Bad Weather At Wimbledon Once Led To One Of The Strangest Moments In Tennis History


Wimbledon is a hallowed event with an incredibly rich history stretching back to the inaugural tournament in 1877, and while tennis has evolved quite a bit since then, the folks at the All England Club have done what they can to preserve the unique spirit of the Grand Slam.

Etiquette has always reigned supreme at Wimbledon, as spectators are expected to be on their best behavior while watching the best players in the world adhere to the many rules they’re required to abide by while competing in The Championship.

With that said, there have been plenty of instances where that decorum has been tested.

More than a few players have ended up in hot water for violating Wimbledon’s somewhat infamous all-white dress code, John McEnroe treated the world to the most memorable outburst of the many to come out of his legendary career while there, and multiple streakers have stormed the grass courts in a question for attention over the years.

There’s also Ilie Nastase, who most people who aren’t diehard tennis fans probably aren’t intimately familiar with but treated us to one of the strangest developments in tennis history thanks to what unfolded in 1974.

Terrible weather at Wimbledon once led to a player using a fan’s umbrella during a match

Ilie Nastase playing tennis at Wimbledon


The fact that the tournament is held in London means there’s been no shortage of rain over the decades, which was the case in 1974 when Jimmy Connors and Chris Evert (who were engaged to be married at the time) respectively won the Men and Women’s Singles Championships.

Connors earned the right to face off against Ken Rosewall in the title match after dispatching Dick Stockton in the semifinals, and while he was one of the best players in the world, the same couldn’t be said for Stockon, an unseeded American who’d pulled off a bit of an upset to clinch his spot in the Finals (which is reserved for the best eight layers in the qualifying rounds).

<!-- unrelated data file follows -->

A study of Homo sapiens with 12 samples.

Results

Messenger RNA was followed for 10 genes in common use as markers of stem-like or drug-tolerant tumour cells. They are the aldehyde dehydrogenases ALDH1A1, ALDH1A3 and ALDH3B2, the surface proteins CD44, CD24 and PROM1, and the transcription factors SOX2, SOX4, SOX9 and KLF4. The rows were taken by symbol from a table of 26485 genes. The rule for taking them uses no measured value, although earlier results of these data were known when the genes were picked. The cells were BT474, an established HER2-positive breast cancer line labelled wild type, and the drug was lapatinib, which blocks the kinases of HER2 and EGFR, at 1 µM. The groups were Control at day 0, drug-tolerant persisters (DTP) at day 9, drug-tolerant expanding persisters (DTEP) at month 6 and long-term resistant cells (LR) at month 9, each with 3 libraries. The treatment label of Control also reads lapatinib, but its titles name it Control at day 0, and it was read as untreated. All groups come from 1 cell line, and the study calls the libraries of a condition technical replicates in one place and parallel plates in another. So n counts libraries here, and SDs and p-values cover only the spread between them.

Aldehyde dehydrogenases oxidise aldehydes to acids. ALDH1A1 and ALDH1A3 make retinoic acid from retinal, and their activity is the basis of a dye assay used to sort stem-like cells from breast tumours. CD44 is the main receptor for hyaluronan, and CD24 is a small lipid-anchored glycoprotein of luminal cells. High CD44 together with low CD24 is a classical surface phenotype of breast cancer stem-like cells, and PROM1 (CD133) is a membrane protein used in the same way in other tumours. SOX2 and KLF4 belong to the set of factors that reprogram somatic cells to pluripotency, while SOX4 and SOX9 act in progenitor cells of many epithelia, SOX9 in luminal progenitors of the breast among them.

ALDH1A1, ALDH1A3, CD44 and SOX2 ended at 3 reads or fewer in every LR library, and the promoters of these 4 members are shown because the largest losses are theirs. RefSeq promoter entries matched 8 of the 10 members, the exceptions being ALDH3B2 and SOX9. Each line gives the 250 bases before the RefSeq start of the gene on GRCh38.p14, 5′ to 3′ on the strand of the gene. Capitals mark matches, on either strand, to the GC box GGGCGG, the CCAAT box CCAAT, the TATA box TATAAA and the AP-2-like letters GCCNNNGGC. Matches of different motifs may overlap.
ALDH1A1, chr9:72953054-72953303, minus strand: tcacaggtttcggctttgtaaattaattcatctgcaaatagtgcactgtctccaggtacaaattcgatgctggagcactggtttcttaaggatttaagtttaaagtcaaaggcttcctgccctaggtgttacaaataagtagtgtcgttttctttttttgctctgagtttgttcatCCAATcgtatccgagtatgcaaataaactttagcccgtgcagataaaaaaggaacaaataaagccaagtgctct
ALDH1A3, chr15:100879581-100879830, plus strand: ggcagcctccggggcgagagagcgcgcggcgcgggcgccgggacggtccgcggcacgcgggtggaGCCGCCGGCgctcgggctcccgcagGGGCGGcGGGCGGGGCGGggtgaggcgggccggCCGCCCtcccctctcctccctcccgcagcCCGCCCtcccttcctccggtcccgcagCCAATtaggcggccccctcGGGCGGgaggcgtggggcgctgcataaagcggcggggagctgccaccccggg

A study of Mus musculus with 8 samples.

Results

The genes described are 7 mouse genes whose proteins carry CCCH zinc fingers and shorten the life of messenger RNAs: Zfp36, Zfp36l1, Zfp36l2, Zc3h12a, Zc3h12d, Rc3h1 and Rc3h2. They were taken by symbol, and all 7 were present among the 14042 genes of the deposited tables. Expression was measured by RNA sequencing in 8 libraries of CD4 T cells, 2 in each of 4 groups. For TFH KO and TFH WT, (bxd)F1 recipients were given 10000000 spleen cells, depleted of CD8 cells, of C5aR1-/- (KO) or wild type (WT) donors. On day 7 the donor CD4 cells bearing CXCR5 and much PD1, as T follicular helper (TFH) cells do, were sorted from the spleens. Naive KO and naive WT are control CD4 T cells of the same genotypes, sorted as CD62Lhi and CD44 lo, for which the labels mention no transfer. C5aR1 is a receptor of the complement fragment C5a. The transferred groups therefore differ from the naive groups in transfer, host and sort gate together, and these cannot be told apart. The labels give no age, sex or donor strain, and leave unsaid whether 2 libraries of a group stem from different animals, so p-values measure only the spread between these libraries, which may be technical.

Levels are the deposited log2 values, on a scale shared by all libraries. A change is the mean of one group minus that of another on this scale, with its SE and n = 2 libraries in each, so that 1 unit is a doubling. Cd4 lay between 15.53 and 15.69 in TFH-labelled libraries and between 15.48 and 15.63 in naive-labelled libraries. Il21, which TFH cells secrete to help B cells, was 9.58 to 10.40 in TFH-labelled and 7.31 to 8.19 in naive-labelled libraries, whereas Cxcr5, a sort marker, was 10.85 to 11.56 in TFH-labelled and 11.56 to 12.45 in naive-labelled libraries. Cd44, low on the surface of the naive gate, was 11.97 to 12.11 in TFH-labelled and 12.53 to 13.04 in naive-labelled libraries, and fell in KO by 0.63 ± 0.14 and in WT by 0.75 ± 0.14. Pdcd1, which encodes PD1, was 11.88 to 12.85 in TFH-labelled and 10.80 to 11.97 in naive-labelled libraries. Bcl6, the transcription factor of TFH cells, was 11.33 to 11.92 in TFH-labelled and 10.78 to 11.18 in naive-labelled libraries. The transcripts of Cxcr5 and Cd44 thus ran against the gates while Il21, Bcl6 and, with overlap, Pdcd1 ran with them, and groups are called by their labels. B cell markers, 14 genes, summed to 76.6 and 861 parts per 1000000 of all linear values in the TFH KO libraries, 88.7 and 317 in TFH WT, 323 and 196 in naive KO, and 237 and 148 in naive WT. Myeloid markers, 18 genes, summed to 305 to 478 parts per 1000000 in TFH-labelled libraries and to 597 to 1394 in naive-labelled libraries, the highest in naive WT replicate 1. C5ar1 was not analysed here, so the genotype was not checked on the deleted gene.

Stockton found himself facing a bit of a challenge in the fourth (and final) qualifier after getting matched up with Nastase, as the Romanian was the two-seed at the start of the tournament.

While Nastase won the first set 7-5, Stockton evened things up before jumping out to the lead, and his opponent found himself continuing to slide after ending up in a 2-0 hole in the fourth set as the rain poured down on both men.

That led to Nastase opting to think outside of the box a bit, as he approached a spectator and asked to borrow their umbrella before trotting onto the court with his racket in his right hand and the borrowed item in his left and playing a couple of points before abandoning the strategy.

Stockton would ultimately win the set and the match, and Nastaste would eventually deny he used the umbrella as a distraction while recalling what was going through his head at the time, saying:

“To dispel the tension, I thought it would be fun to play a couple of points with the umbrella in my hand. It was a completely spontaneous act and it’s a classic example of, ‘OK, I lost the match, but I gave people pleasure and fun.’

Even 30 years on, they still remember. And that makes me really proud, as proud in fact as some of my victories. It means I left an impression on people that was not just about the tennis, not just about the arguments, it was also about the fun.”

You have to appreciate that.

Connor Toole avatar and headshot for BroBible
Connor Toole is the Deputy Editor at BroBible. He is a New England native who went to Boston College and currently resides in Brooklyn, NY. Frequently described as "freakishly tall," he once used his 6'10" frame to sneak in the NBA Draft and convince people he was a member of the Utah Jazz.